State lawmakers are considering raising the age at which teens can be tried as adults for crimes, but at least one prosecutor warned against such a move.


Companion bills in the House and Senate would channel everyone through the juvenile justice system until they turn 18. Sixteen- and 17-year-olds are tried as adults under current state law, which has been in effect since 1919.

Some North Carolina lawmakers and child welfare advocates call the state law unfair, saying teens need the support offered through the juvenile system to turn their lives around. 

"The goal is to make sure any young person who steps wrong, who starts going down that criminal path, will be dealt with in the channel where they are best served and the public will be best served," said state Rep. Alice Bordsen, D-Alamance. "Some of them may need to stay in the adult system."

More than 450 offenders younger than 18 were admitted to state Department of Correction prisons last year. That number included 361 17-year-olds, 82 16-year-olds and eight 15-year-olds.

Supporters of the bills said teens who end up in the adult system are more likely to commit more crimes after being released. Having an adult record also often bars teens from schools and jobs, they said.

"Those who go to prison, when they come out, are more likely to repeat sooner and for more serious crimes," said Senior Administrative Law Judge Fred Morrison, a member of the state Sentencing and Policy Advisory Commission.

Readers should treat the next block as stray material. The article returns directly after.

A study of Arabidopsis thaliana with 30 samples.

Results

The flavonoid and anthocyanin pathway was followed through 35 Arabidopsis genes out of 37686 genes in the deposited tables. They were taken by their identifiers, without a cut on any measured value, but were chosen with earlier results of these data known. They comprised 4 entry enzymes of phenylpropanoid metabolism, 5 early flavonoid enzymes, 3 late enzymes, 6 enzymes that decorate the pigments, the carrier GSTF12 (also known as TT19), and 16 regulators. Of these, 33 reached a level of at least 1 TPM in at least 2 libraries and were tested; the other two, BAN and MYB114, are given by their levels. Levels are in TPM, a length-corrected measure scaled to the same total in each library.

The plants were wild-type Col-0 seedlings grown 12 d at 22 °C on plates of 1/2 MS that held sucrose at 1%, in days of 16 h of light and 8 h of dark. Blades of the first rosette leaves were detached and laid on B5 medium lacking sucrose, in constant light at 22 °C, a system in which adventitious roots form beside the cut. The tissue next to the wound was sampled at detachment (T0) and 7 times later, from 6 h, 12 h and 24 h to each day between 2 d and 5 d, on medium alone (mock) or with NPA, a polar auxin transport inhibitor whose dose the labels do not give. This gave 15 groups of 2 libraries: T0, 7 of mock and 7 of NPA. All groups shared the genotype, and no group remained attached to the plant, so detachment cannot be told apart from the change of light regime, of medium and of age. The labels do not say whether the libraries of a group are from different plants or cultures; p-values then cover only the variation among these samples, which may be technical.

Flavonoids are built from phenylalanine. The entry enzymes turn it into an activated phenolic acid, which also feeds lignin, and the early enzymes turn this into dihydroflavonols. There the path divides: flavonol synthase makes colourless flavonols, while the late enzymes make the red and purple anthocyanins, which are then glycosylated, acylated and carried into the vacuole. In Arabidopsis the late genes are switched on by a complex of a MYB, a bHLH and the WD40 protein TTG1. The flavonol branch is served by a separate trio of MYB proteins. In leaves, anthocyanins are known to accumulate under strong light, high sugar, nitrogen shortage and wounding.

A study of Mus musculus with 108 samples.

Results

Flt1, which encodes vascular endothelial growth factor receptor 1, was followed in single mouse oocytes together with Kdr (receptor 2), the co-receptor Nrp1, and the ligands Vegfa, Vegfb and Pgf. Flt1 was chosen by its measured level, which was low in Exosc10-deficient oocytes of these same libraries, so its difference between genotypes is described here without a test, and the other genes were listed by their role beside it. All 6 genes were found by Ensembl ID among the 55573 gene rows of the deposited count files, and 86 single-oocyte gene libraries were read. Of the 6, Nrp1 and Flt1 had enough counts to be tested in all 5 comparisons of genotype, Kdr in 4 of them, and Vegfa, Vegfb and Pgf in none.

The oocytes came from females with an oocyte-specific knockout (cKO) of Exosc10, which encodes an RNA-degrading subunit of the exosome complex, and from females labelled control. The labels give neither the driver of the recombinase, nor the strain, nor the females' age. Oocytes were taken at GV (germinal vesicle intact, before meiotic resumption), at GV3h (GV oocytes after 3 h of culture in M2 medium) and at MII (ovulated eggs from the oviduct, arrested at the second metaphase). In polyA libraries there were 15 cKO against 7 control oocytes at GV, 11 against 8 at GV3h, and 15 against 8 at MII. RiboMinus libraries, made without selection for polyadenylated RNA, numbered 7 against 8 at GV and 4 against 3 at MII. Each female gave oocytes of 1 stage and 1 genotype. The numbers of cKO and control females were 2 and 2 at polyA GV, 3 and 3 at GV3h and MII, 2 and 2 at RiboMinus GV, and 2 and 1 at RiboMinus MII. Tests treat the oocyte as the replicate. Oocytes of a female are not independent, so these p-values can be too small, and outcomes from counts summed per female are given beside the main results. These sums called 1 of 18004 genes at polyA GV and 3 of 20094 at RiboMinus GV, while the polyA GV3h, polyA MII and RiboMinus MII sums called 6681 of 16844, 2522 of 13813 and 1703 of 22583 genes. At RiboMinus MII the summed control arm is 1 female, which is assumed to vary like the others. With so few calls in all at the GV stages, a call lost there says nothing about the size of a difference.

"If they commit a low-level felony, no matter what they do, they have a lifetime scar. No matter what they do, they will drag this felony conviction around with them forever," Bordsen said.

The Campaign for Youth Justice studied juvenile justice in seven states, including North Carolina, and found that placing teen offenders in adult courts and jails increases the odds they will become repeat offenders.

"The investment of public money will get the greatest returns by strengthening the juvenile system rather than putting these teens into the adult system," said Sorien Schmidt, senior vice president of Action for Children North Carolina.

New York and Connecticut are the only other states that routinely try 16- and 17-year-olds as adults.

The proposed legislation would give judges the authority to send a teen younger than 18 to adult court for more serious offenses, such as murder.

But Wake County District Attorney Colon Willoughby said the legislation still goes too far.

"We're talking about dumping tens of thousands of more kids into the juvenile system immediately, and quite frankly, I don't think (the system is) equipped to handle it," Willoughby said.

"I think we should look at a way to take young offenders with non-violent crimes and, after the appropriate period of time, make their records clean," he said. "But I think a wholesale shift of this is a very dangerous thing for us to do."